Educating the Next Generation of Scientists
HC 632, Fifteenth Report of Session 2010-11, Report, Together with Formal Minutes, Oral and Written Evidence
- House of Commons - Committee of Public Accounts
- TSO (The Stationery Office)
'Educating the Next Generation of Scientists (HC 632)' details the Committee of Public Accounts' findings in relation to the education of young people in the areas of science, technology, engineering and maths.
A strong supply of people with science, technology, engineering and maths skills is important for the UK to compete internationally.
The starting point for this is a good education for children and young people in science and maths.
The numbers studying separate GCSE biology, chemistry and physics (known as 'Triple Science' when studied together) have risen by almost 150% between 2004-05 and 2009-10.
Attainment has also improved as take-up has increased.
Nevertheless, there is a risk that this progress will not be maintained.
There are still not enough teachers with strong subject knowledge in science and maths entering the profession.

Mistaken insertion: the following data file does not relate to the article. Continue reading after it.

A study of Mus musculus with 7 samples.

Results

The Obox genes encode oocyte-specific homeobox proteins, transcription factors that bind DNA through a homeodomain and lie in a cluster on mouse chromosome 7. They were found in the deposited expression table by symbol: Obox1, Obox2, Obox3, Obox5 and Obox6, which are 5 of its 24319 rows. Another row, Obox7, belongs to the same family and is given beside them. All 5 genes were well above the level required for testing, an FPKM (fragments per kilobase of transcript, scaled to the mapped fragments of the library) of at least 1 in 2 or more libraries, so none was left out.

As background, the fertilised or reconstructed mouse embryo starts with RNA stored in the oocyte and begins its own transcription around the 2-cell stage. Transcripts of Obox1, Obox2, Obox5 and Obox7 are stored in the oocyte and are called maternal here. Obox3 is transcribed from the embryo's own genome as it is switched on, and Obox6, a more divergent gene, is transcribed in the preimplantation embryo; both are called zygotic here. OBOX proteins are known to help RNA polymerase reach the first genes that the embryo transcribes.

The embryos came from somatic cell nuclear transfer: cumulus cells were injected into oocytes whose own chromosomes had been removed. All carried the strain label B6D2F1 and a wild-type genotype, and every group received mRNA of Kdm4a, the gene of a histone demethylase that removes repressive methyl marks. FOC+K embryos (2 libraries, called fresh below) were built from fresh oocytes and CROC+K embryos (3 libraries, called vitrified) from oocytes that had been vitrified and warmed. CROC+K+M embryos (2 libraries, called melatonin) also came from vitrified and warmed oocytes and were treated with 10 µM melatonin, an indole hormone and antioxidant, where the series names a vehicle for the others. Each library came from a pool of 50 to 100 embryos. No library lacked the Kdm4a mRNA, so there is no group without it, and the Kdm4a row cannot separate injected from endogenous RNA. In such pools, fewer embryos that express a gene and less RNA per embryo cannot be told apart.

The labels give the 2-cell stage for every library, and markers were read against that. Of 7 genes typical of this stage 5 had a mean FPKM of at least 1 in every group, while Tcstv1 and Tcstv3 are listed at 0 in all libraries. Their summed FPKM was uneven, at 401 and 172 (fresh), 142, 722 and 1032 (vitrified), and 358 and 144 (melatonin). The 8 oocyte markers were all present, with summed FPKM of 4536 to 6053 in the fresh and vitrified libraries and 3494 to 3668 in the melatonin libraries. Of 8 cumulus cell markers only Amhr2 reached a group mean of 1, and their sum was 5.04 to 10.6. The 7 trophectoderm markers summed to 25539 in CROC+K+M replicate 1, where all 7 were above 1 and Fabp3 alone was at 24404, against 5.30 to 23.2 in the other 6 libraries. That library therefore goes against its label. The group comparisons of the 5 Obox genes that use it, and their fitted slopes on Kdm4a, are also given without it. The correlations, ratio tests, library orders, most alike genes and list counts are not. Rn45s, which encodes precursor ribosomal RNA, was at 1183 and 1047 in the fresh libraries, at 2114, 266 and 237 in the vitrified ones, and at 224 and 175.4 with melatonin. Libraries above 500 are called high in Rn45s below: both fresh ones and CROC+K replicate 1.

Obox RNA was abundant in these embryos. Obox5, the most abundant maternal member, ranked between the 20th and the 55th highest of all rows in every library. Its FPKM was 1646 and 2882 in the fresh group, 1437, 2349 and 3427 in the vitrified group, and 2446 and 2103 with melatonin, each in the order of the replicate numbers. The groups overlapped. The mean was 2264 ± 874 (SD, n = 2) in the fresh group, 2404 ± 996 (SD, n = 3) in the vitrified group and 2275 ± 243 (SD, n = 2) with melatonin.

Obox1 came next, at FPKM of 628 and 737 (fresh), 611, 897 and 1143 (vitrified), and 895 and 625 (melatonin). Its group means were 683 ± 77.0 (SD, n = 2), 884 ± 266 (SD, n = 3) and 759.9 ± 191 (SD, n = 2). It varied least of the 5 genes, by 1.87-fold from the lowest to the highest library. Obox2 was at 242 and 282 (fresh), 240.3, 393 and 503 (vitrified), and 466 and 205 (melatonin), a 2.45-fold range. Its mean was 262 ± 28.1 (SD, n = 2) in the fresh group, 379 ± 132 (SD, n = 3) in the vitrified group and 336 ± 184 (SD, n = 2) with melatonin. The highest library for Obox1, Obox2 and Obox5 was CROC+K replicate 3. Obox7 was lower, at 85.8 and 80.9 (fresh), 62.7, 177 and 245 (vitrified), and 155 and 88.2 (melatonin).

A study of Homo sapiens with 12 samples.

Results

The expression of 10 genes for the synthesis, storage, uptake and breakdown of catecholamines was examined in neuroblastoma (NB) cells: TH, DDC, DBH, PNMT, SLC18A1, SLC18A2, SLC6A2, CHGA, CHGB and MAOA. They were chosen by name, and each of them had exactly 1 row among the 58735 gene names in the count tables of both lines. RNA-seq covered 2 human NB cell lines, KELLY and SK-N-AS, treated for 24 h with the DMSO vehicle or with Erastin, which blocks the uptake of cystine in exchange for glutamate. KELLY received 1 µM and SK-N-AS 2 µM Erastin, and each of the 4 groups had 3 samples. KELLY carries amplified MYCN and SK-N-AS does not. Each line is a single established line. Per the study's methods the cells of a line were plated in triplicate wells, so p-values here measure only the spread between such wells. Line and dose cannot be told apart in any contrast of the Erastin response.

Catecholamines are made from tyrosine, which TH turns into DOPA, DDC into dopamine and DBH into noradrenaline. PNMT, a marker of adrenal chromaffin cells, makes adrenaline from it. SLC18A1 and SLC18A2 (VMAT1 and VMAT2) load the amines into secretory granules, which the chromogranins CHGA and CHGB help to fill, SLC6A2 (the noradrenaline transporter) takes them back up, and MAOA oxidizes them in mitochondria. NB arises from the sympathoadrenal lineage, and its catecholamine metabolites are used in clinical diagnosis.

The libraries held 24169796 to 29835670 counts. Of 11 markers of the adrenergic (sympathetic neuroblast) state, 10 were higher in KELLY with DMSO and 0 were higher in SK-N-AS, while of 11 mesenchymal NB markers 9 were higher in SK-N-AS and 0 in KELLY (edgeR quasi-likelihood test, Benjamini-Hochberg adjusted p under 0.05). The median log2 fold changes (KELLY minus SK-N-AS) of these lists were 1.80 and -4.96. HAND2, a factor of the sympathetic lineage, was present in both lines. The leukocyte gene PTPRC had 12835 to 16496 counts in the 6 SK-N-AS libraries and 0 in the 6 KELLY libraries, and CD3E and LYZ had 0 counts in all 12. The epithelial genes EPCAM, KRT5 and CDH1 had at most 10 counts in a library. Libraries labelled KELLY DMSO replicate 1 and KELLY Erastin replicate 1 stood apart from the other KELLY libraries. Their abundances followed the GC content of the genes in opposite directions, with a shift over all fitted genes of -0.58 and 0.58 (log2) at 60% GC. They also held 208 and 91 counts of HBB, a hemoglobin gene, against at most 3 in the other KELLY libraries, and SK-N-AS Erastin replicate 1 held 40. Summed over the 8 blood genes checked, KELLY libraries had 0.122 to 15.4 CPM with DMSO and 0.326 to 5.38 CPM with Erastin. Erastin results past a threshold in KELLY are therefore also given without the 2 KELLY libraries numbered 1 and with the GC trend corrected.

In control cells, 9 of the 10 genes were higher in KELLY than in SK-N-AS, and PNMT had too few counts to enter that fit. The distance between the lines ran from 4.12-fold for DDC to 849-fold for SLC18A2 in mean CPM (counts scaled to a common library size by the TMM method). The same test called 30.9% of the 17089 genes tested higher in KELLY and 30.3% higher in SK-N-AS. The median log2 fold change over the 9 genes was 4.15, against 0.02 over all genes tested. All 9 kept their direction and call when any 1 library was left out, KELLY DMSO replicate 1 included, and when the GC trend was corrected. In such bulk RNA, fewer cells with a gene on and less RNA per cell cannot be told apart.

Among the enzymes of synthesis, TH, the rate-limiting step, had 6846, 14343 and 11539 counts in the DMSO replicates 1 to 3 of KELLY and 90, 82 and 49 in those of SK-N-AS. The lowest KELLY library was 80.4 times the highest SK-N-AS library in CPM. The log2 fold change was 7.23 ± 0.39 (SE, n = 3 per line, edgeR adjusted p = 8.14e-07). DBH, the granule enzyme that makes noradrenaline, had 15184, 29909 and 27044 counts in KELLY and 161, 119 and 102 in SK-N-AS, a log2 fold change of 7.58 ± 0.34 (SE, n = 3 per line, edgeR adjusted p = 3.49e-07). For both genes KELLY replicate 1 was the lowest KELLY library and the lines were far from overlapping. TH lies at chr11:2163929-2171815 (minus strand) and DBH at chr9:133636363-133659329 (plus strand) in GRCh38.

In 2009-10 there were over 115,000 entries to GCSE biology, 113,000 to chemistry and 112,000 to physics. Another 40,000 pupils entered A-level chemistry, and almost 70,000 A-level maths.
If the higher numbers of pupils taking science and maths are to achieve good results, they need to be taught by teachers with the specialist knowledge to teach these subjects well.
Teaching environments are also vitally important in improving take-up and achievement in science, but there is evidence that science facilities in many schools are unsatisfactory and even unsafe.
Furthermore, in some schools, advice and guidance on science and maths-related careers is poor.
The Department for Education (DfE) must approach the challenge of improving school science and maths through a coherent, system-wide strategy rather than as a number of initiatives operating in isolation.
As more autonomy is given to schools, the Department must develop an accountability framework that gives schools strong incentives to put all key elements in place for the benefit of their pupils.